I'm back from a fun week-long trip with the Slinkard clan (Kerry's family) to the Big Island of Hawaii. Here is a link to our photos.
Monday morning (stiff and sore with only 4 hours of sleep after our New Years Eve mishap) Kerry and I hopped on the plane and met everyone else at the Royal Kona Resort near the beach town of Kailua-Kona, Hawaii. After checking into our room and changing out of our cold and rainy weather Portland clothes, we headed down to Don's Mai Tai Bar for an evening of oceanside food and drinks.
Tuesday morning we all piled into our Grand Marquee rental car and drove out to Volcanoes National Park on the other side of the island. It was an interesting drive and we crossed many older lava flows along the way. The main visitors center lies on the rim of a giant caldera with a rather large crater in the middle. After eating lunch at the visitor center we drove down the Chain of Craters Road toward the coast were the active lava flows are at dumping into the sea. The road itself is cutoff at around the 19 mile mark by a recent flow. We had hoped to drive close enough to the active flows to see the lava but it was too far across the new Hawaiian real estate to hike there and back before sunset. Interestingly the USGS has a eruption & lava flow report similar to the avalanche & snow pack reports we have from NOAA here in the PNW.
Wednesday was a down day and we relaxed pool side reading, playing cards, drinking Mai Tai's and cooling off in the pool.
Thursday we grabbed an early morning inter-island shuttle and flew to Honolulu to visit the USS Arizona Memorial. The memorial itself was somber and well done, but the visitor center had a definite tourist trap feeling to it. It was overcrowded and the gift shop had the standard cheap trinkets you find at any of America's war related sites. After the memorial we headed to Waikiki Beach for lunch at Lulu's before flying back to Kona.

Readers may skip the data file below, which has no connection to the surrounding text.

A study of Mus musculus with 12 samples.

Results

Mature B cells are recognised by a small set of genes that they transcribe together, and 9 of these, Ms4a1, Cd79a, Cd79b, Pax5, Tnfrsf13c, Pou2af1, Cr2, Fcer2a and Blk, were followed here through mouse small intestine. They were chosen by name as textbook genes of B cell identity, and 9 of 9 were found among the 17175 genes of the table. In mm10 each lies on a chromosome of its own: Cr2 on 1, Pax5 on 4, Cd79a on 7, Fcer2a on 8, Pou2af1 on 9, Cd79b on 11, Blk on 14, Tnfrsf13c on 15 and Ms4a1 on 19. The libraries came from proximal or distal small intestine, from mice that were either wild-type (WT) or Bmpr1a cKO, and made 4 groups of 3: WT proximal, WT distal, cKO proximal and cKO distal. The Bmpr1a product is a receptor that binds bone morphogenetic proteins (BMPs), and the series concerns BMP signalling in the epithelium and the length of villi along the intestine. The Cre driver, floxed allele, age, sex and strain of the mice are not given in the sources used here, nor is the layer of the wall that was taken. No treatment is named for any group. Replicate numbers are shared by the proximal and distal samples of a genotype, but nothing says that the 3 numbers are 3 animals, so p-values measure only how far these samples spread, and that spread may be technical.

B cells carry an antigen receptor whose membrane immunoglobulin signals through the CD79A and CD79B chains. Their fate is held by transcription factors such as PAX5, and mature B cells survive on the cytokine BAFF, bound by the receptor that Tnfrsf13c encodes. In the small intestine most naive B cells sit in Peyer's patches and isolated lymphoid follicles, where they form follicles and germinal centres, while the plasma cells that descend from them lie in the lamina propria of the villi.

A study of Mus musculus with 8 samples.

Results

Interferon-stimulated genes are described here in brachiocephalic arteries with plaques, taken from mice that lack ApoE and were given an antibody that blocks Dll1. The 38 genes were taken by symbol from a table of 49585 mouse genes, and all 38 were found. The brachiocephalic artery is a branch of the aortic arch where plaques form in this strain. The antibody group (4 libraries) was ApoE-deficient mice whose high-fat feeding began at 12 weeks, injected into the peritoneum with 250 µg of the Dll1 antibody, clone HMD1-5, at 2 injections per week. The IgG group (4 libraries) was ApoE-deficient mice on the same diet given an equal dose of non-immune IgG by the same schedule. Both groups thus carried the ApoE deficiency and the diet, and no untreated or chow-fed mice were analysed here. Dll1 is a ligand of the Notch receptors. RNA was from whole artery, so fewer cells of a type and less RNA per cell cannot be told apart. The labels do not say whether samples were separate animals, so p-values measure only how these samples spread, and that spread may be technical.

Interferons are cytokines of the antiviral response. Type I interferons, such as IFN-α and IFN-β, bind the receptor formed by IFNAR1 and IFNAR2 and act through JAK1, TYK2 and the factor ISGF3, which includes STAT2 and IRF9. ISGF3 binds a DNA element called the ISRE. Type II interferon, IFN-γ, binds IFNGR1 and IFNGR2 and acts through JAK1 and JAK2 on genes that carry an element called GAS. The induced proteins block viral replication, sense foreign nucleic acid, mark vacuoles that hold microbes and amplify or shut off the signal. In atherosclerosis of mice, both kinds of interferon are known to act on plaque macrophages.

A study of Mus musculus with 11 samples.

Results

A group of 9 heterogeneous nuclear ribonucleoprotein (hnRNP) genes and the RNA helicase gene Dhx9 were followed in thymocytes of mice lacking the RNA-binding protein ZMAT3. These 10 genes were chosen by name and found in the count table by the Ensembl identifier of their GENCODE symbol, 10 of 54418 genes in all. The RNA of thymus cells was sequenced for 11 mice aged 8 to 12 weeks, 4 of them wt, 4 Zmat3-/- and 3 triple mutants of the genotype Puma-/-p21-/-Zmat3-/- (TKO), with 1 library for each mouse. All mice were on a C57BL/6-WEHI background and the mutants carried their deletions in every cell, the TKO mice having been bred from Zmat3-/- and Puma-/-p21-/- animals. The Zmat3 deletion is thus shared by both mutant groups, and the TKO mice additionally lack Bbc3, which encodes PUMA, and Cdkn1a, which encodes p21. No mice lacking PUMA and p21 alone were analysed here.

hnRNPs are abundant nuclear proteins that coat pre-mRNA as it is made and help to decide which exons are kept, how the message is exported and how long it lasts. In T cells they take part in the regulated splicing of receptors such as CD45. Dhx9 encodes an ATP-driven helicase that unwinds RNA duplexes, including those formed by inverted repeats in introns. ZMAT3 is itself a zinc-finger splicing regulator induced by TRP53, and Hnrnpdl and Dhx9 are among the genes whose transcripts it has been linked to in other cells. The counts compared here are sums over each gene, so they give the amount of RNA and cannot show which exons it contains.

Friday Kerry's brother Bryan aka "the Ironman" and I aka "the Mountainman" decided to hike/climb up Mauna Kea, Hawaii's highest peak. Although there is a access road to the top for the astronomers we opted to take the Mauna Kea-Humu'ula Trail which parallels the access road most the way before joining the road for the last mile. The hike itself is on a relatively easy trail, however it starts at 9,200 feet and then goes 6.5 miles through a barren wasteland of scree to the summit at 13,796 feet. Considering our acclimation at sea level the challenge was in the rapid elevation gain, only 5.5 hours from sea level to 13,796 feet. The weather was mostly cloudy but we did get a view of the slightly lower Mauna Loa through the clouds to the south. We spent about 20 minutes on the summit taking photos, eating lunch and admiring the array of telescopes before descending back to the car.
Saturday was another down day for us and we spent it relaxing at Hapuna Beach about 30 miles north of Kona. I tried boogie boarding for the first time and completely enjoyed myself in the surf. That night we had an amazing sunset dinner overlooking the ocean at Huggo's.
Sunday morning everyone but Kerry and I took off to fly home. Our only flight option to Portland was a late night red eye so we spent Sunday morning wandering around Kona and then ate lunch at the Kona Inn Restaurant, a historic hotel turned restaurant and shops which looked like it would have been THE place to stay in its day. Sunday afternoon we spent playing cards and drinking more Mai Tai's by the pool. On our flight home we got bumped to first class because the plane was overbooked - the perfect ending to a great trip.